Published online 20 April 2011 | Nature | doi:10.1038/news.2011.249


Gut study divides people into three types

Bacterial populations fall into three distinct classes that could help to personalize medicine.

ya got guts, kid!You have one of three different populations of microbes in your Images

Just as there are a few major blood types that divide up the world, so too, a study has found, there are just three types of gut-microbe populations. The result could help to pinpoint the causes of obesity and inflammatory bowel disease, and to personalize medicine.

"This is important. Say you want to compare ill people and healthy people; you better match them properly [by gut type]," Dusko Ehrlich told Nature at a human microbiome conference in Vancouver, Canada, in March. Ehrlich, a senior researcher on the paper published in Nature today1, is director of the Microbial Genetics Research Unit at the National Institute for Agricultural Research in Jouy-en-Josas, France, and part of a European consortium aiming to unpick links between gut microbes and disease.

The finding of just three types of gut-microbe population was an unexpected result that fell out of the team's early analysis. The types aren't related to age, gender, nationality or diet. "What causes it? We don't know," says Ehrlich.

One possible explanation, which the team is testing, is that a person's gut-microbe make-up is determined by his or her blood type. Alternatively, it might be determined by metabolism: there are three major chemical pathways by which people get rid of excess hydrogen gas created during food fermentation in the colon, and the gut type might be linked to those. Or, perhaps the first microbes a baby is exposed to as his or her immune system is developing determines the type.

A person's gut type might help to determine whether people can eat all they like and stay slim, whether they will experience more gut pain than others when sick and how well they can metabolize a certain drug.

It's unclear whether a person's gut type might change over time, either naturally or in response to something such as a steady diet of probiotic yoghurt.

Little helpers

Researchers have only recently begun to appreciate the importance of the bacterial cells that grow on and in our bodies, outnumbering our own cells by about ten to one. In rodents, gut microbes are known to influence weight and immunity against disease (see 'For mice, swapping fecal bacteria can mean life or death'). In the United States, the Human Microbiome Project is aiming to catalogue all the microbes living in our nose, mouth, skin, gut, and urinary and genital tracts; in Europe, the Metagenomics of the Human Intestinal Tract (MetaHIT) Consortium, the group to which Erlich belongs, is focusing on the gut.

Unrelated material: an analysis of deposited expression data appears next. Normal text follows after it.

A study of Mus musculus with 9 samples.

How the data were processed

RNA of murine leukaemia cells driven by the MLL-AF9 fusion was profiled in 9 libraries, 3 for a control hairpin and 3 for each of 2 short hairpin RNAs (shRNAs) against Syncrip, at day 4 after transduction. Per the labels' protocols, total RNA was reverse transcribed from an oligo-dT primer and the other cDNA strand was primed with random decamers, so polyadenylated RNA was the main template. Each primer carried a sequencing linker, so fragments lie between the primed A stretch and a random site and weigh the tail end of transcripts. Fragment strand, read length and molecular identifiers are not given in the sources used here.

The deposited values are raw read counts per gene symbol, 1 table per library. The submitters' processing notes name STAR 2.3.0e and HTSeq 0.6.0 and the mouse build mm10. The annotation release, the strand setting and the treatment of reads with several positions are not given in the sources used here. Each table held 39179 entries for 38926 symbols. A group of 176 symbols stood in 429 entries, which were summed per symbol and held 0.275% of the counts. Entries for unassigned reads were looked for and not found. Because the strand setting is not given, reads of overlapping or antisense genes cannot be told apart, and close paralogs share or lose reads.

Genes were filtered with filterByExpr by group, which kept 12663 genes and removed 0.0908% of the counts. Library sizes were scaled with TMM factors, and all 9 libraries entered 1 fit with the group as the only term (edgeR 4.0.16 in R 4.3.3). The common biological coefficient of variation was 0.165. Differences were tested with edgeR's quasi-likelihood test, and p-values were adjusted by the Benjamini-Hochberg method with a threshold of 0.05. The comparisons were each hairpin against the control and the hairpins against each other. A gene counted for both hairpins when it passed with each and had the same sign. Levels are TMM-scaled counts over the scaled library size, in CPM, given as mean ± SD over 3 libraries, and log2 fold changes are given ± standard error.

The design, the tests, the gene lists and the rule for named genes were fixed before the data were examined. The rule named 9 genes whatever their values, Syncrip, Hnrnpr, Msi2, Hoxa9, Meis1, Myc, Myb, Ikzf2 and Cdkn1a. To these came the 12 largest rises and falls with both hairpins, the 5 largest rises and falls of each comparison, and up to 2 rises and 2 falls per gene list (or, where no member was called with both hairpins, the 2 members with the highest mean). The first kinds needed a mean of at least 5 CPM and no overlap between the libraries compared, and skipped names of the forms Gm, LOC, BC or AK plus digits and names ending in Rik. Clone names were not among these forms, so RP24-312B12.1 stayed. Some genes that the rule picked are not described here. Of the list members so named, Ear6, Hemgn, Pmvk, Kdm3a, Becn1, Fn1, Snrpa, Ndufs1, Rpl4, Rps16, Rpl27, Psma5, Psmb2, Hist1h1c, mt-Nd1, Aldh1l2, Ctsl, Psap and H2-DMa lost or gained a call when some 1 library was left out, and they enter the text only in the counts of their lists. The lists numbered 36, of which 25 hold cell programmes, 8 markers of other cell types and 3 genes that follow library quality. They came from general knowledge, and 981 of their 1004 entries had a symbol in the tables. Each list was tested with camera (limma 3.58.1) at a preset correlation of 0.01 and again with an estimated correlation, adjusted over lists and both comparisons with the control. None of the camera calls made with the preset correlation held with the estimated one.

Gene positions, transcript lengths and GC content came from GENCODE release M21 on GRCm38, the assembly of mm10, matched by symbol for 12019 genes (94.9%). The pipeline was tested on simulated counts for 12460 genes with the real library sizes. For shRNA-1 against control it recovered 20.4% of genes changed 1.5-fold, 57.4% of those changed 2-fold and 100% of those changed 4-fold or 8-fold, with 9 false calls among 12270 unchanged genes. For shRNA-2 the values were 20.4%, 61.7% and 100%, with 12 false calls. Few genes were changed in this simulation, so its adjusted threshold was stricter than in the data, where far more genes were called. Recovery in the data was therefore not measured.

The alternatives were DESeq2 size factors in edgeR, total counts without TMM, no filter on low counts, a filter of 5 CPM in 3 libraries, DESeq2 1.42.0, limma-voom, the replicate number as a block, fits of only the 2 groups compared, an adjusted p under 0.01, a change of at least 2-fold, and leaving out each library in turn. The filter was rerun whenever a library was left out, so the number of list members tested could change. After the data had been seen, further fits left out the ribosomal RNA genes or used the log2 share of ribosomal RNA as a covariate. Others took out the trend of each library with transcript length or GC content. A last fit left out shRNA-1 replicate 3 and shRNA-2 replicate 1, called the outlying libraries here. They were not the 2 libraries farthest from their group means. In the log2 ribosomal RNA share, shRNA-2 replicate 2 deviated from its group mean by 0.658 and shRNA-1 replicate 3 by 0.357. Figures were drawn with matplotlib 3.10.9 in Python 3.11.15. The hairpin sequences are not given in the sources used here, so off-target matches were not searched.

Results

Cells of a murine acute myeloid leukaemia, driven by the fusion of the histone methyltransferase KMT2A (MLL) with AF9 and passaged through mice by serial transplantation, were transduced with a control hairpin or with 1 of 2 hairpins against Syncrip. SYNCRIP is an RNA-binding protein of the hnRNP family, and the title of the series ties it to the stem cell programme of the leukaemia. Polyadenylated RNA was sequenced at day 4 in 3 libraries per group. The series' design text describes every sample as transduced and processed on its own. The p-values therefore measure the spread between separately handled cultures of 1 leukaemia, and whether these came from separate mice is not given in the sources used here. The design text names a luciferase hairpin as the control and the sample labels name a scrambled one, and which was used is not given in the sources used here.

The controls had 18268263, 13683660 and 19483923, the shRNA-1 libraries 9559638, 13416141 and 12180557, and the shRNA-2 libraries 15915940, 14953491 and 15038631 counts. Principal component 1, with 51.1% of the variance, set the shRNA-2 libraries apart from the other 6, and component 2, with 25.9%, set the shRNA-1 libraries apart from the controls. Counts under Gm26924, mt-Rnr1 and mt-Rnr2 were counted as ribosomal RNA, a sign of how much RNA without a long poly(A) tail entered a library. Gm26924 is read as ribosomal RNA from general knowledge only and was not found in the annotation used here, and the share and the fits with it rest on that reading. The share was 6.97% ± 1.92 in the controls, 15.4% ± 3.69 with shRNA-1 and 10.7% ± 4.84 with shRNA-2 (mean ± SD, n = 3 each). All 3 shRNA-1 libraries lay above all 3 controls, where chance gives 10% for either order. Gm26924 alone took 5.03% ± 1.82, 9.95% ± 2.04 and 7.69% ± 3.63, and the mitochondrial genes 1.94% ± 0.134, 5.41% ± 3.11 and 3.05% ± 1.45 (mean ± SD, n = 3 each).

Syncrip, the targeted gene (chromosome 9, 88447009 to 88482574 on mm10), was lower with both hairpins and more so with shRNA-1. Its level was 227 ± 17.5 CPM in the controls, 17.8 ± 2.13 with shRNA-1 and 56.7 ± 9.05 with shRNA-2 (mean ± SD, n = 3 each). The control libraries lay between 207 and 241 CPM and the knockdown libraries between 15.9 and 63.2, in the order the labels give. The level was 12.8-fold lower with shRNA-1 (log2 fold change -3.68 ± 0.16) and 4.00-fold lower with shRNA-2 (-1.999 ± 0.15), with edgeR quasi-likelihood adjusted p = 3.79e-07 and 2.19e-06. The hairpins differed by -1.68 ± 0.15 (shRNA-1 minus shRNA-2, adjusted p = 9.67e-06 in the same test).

For this paper, the team used genetic screening to identify the microbes present in faecal samples from 22 Europeans enrolled in other gut-microbe studies, and compared the results with samples from 17 people in the United States and Japan. When they looked to see how similar the samples were, the researchers found that they clustered neatly into three groups. "We were very surprised," says Peer Bork of the European Molecular Biology Laboratory in Heidelberg, Germany, also a senior author on the paper. Although the number of samples in this paper is small, Bork says that his team now has results from more than 400 samples and that the clustering is still evident.

"I was surprised too. I thought it would be much more chaotic," says Brett Finlay, a microbiologist at the University of British Columbia in Vancouver.

Fat or thin

The team has named the clusters after the dominant genus: Bacteroides, Prevotella and Ruminococcus. Bacteroides are known to be good at breaking down carbohydrates, so it is possible that people of this type might, for example, struggle more with obesity, says Bork. Prevotella tend to degrade slimy mucus in the gut, which could conceivably increase gut pain. And some Ruminococcus help cells to absorb sugars, which might contribute to weight gain.


Bork cautions, however, that each person carries a complex mix of perhaps a few thousand bacterial species, and too little is known to make sweeping generalizations about the implications of the different gut types. The team has, however, found hints that one particular disease — Bork won't yet say which one — is found only in people of one microbial gut type.

The team also has a host of as-yet-unpublished results that link specific gut-bacteria species to individual characteristics. "If I have a stool sample I can tell how old you are," says Bork. "That seems useless because you already know how old you are, but it's proof of principle that it could maybe be used for all sorts of other things." Ehrlich says that his team can diagnose obesity with an accuracy of 80-85% from half a dozen bacterial species.

"The real question is: what is the gene set we need in our guts to be healthy?" says Finlay. That has yet to be answered. 

  • References

    1. Arumugam, M. et al. Nature Advance online publication doi:10.1038/nature09944 (2011).



    Interesting. I wonder if this is why people feel like complete shit when changing diets or introducing new foods... in the short term.